Oonagh Smyth, Executive Director of Strategy and Influence, said:
“We welcome the Long Term Plan’s focus on addressing the shocking health and care inequalities experienced by people with a learning disability and their families. We are particularly encouraged to see new targets for annual health checks, a focus on workforce training and a commitment to further investigating and learning from deaths of people with a learning disability. We hope these will give people with a learning disability a better chance of living longer and living better.
“But delaying the target for reducing the numbers of people with a learning disability locked away in mental health hospitals to 2023/24 is disgraceful. The previous deadline to make sure that up to 50% of beds were closed and the right community support developed was March of this year. NHS England and its partners have not only failed to deliver on this promise but with this new target show no signs of urgency while people are kept in institutions, often subject to physical restraint, overmedication and being kept in isolation.
“NHS England must urgently reassess this timetable and put forward a credible plan for change.”
Notes to editors
For more information, please contact Sally Holden, PR Consultant at Mencap, on 020 7696 5414 or email@example.com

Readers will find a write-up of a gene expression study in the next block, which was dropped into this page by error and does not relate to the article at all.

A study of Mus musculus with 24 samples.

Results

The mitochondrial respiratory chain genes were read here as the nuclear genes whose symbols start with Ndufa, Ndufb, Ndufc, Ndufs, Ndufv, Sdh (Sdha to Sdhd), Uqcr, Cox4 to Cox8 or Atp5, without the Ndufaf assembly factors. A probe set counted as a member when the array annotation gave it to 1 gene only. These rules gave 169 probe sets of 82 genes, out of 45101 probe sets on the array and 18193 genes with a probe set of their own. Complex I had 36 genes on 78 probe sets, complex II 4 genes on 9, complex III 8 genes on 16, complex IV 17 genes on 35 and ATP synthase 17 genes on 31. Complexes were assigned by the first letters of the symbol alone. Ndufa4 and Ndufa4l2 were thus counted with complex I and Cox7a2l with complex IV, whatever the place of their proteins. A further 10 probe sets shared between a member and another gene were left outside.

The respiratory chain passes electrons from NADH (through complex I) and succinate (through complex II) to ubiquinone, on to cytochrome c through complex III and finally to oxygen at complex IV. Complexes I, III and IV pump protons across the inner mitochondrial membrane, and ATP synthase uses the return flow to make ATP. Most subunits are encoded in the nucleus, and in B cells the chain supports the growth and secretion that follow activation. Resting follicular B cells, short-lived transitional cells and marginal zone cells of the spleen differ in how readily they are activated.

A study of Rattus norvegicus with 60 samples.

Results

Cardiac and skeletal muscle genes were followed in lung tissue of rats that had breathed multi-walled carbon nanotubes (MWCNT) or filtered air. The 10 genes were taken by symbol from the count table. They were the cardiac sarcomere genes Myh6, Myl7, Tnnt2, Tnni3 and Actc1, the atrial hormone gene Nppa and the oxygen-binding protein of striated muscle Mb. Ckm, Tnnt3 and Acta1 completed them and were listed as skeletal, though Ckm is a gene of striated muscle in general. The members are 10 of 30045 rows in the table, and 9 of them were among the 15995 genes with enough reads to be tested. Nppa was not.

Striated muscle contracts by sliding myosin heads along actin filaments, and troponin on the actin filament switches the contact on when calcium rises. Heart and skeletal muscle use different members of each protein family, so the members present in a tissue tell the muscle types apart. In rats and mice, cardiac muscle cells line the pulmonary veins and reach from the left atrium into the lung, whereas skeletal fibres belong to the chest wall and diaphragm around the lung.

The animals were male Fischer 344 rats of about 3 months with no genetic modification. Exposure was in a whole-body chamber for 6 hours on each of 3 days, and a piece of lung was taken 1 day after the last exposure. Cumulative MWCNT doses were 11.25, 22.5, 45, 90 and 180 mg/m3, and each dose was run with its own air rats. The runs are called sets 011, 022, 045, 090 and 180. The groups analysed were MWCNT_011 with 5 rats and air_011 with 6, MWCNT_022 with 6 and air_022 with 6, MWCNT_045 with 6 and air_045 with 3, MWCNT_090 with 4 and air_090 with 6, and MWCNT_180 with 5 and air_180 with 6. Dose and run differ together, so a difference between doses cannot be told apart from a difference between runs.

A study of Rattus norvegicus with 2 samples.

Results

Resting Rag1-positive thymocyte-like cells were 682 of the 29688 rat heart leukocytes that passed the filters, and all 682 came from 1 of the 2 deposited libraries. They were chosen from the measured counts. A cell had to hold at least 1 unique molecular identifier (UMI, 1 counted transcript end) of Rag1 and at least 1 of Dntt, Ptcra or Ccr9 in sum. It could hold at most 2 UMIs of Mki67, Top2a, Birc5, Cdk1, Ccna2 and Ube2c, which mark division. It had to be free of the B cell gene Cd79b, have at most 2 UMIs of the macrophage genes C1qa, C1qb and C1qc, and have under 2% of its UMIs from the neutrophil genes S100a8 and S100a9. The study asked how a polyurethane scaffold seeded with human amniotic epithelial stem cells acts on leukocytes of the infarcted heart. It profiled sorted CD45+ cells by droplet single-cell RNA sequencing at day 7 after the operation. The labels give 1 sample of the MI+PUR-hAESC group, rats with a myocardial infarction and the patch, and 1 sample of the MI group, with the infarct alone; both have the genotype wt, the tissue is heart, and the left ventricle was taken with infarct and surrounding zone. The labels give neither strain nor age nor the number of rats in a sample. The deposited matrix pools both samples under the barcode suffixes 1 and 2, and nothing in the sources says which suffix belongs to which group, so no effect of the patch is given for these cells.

There are 1.4 million people with a learning disability in the UK. Mencap works to support people with a learning disability, their families and carers by fighting to change laws, improve services and access to education, employment and leisure facilities. Mencap supports people with a learning disability to live their lives the way they want.
Mencap provided direct support to 5,231 people with a learning disability in England, Wales and Northern Ireland in 2017/2018 and answered nearly 13,000 calls through the Learning Disability Helpline.
For advice and information about learning disability and Mencap services in your area, contact the Learning Disability Helpline on 0808 808 1111 (9am-5pm, Monday-Friday) or email firstname.lastname@example.org.
What is a learning disability?
A learning disability is a reduced intellectual ability which can cause problems with everyday tasks – for example shopping and cooking, or travelling to new places – which affects someone for their whole life.
People with a learning disability can take longer to learn new things and may need support to develop new skills, understand difficult information and engage with other people. The level of support someone needs is different with every individual. For example, someone with a severe learning disability might need much more support with daily tasks than someone with a mild learning disability.
Learning disability is not a mental illness or a learning difficulty, such as dyslexia. Very often the term ‘learning difficulty’ is wrongly used interchangeably with ‘learning disability’.